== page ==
Practice with your weapon(s) of choice….a lot
In addition to the safety factor that comes from being knowledgeable about using your weapon, a lot of frustration that results from missed shots or lost game in the field can be avoided by spending a few hours at a shooting range. New hunters can learn any idiosyncrasies of their individual weapon, improve their shooting, and gain confidence in their ability that will carry over into success in the field. Plus, there’s an excellent chance if you’re at a public shooting range that you’ll bump into someone who can offer you some free shooting or hunting advice.
Instead of making your initial outing a deer, bear, or elk hunt, spend a little time hunting small game first. Hunting squirrels, for example, can teach skills that will translate directly to hunting larger game. You’ll learn to move quietly through the woods and sit patiently for long stretches. And you’ll get practice with your gun or bow on a smaller target while the stakes feel a little lower. All of these things will help you to be more calm and confident – and ultimately successful – when you eventually go after larger game.
“If you’re at a public shooting range there’s an excellent chance that you’ll bump into someone who can offer you some free shooting or hunting advice.”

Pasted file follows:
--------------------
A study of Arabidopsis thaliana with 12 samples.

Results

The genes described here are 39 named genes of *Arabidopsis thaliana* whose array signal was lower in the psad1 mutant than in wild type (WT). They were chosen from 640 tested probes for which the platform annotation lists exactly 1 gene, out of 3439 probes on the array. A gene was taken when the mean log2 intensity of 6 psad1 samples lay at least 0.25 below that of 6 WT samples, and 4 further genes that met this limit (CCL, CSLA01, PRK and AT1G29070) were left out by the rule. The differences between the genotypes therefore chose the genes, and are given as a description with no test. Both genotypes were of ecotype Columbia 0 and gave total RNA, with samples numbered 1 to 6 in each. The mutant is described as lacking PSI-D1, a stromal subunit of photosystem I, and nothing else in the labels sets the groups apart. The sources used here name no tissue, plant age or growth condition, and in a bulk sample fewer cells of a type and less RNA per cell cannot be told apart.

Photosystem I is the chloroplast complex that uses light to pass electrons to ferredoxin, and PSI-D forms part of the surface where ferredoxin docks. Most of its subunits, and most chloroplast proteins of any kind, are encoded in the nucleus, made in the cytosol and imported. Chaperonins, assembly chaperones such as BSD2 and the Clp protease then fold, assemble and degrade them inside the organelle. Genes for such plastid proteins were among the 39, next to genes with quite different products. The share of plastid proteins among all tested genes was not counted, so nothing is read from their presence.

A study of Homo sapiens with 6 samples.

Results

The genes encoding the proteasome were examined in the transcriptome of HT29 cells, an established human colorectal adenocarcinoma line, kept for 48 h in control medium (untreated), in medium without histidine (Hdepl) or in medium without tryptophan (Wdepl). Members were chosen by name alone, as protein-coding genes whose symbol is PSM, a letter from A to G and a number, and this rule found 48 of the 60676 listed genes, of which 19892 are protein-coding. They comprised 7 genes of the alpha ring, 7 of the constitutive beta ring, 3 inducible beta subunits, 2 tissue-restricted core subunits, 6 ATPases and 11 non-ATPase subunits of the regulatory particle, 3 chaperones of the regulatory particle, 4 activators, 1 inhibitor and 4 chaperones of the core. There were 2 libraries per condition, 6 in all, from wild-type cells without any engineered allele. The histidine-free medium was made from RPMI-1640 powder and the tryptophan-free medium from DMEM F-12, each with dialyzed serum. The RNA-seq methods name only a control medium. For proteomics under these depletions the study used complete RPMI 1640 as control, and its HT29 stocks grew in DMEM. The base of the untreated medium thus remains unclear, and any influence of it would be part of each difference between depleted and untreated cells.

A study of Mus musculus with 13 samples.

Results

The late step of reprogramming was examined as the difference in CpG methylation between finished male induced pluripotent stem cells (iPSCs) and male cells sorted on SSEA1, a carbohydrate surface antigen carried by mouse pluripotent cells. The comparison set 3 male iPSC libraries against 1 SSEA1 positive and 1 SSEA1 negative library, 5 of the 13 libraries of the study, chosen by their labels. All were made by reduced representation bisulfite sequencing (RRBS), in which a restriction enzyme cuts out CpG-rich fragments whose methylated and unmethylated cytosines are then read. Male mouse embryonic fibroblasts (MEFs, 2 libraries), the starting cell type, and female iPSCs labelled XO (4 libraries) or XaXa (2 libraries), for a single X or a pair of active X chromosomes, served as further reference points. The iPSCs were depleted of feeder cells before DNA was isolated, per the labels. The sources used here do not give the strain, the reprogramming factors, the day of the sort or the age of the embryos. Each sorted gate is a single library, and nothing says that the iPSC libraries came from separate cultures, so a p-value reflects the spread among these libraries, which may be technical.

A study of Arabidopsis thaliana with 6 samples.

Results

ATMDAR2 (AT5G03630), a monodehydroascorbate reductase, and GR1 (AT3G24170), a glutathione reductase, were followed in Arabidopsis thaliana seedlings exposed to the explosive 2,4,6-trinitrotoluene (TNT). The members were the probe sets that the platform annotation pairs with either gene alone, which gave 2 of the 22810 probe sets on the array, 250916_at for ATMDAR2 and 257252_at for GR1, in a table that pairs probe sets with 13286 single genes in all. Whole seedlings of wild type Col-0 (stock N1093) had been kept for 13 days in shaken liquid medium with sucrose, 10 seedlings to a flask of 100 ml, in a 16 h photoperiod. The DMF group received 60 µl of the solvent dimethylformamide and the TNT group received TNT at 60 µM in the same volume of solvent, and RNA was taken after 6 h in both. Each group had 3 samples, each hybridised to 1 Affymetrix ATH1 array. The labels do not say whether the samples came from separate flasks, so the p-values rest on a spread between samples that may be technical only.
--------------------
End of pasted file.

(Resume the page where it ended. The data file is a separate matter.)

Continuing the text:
Focus on the equipment you need
When it comes to equipment, focus at first on just what you need. The array of equipment available to today’s hunters can be absolutely baffling, particularly to a new hunter. As someone once told me; “There are only three things that you absolutely need to go hunting: your gun, your ammo, and your license. Everything else is extra.”
While that’s a bit of an oversimplification (for example, you need to wear safety orange in many places, and gloves and a warm hat are kind of nice when the snow is flying), the concept is a good one. Start with the most basic equipment that you must have to enjoy a safe, successful hunt. Don’t clutter your game vest pockets, not to mention your mind, with extra stuff. Once you’ve experienced a few days on the hunt, you’ll start to learn which pieces you want to add to your equipment checklist. There’s plenty of time for gear shopping.